The Lonely Island poses for a photo in Ohio Union on April 24. Credit: Sallee Ann Ruibal | Arts&Life Editor

The Lonely Island supports ‘Popstar,’ going after goals


“Being a YouTube pioneer is kind of like being an explorer that never leaves the house, and then someone goes, ‘There’s this thing called America and people are watching your stuff a lot, so you’re a pioneer there now,’” said Andy Samberg, one-third of comedy group The Lonely Island.

The Lonely Island, best known for their “Saturday Night Live” comedy shorts, consists of Samberg, Akiva Schaffer and Jorma Taccone. The group came to Ohio State Sunday afternoon as part of a promotional tour for their new movie, “Popstar: Never Stop Never Stopping.”

“Popstar” — written by The Lonely Island, produced by Judd Apatow and starring Samberg — follows young superstar conner4real’s descent into irrelevancy. The movie features a large entourage following Conner, consisting of celebrities such as Sarah Silverman, DJ Khaled and Snoop Dogg.

Samberg said that writing for film presents different challenges than writing for television.

“One of the bigger challenges in doing a full length is being like, ‘Oh, we made a joke at the start of the movie, but it’s sort of old now,’” he said. “So we would pull stuff out or add it as culture changed. At SNL, we think of a story Thursday night and we do it Saturday, so you can really have your finger right on on the pulse, as (Schaffer) likes to say.”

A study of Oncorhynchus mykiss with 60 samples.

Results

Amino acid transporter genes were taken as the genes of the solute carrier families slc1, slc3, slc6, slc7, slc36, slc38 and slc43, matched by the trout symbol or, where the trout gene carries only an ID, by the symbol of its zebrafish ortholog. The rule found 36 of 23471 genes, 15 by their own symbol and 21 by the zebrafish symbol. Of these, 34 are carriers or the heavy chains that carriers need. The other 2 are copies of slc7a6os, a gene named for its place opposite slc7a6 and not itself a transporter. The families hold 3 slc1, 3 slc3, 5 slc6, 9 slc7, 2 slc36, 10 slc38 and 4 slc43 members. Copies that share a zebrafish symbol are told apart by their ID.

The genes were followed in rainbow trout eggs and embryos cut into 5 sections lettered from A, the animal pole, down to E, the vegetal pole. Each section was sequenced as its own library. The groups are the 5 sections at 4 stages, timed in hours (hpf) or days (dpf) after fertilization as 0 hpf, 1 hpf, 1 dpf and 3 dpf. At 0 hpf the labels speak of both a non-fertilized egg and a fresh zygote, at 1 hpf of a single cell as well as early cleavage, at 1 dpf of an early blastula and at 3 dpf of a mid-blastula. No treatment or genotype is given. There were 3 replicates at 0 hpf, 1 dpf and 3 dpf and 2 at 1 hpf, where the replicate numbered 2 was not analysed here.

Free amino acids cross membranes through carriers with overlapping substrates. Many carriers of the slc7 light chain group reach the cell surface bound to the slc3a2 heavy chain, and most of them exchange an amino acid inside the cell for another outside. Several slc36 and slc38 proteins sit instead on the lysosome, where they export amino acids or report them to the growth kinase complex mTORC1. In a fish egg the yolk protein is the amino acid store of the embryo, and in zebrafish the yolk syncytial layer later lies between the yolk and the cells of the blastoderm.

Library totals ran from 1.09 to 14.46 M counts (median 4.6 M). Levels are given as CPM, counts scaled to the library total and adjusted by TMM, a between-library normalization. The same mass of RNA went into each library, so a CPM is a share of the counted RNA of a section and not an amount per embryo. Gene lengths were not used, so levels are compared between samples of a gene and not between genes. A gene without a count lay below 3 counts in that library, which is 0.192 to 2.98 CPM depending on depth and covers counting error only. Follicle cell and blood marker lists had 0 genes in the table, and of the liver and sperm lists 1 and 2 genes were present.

Before even hitting television or film screens, the trio were childhood friends. Samberg and Schaffer both went on to study film in college. The two attended University of California, Santa Cruz, with Samberg transferring to New York University’s Tisch School of the Arts after two years. Taccone studied theater at University of California, Los Angeles.

“My college experience was very particular,” Taccone said. “There were classes of like rolling around on the floor and being like, ‘Woaaah, movement!’”

Taccone recounted a particular theater assignment where students had to “disrupt” an ongoing class by running in and pretending to be “wild creatures of the night.”

“It sounds like your teacher was a stoner,” Samberg said in response.

Despite attending different colleges, the group still worked together, Taccone sometimes traveling to Santa Cruz to be an actor in Schaffer’s film projects.

Samberg had simple advice for students who want to be pioneers in their field.

“The reason we all got to do what we’re doing is we just started doing it,” he said. “We didn’t wait for anyone to give us permission or wait to have a job that paid us to do it, we just did it.”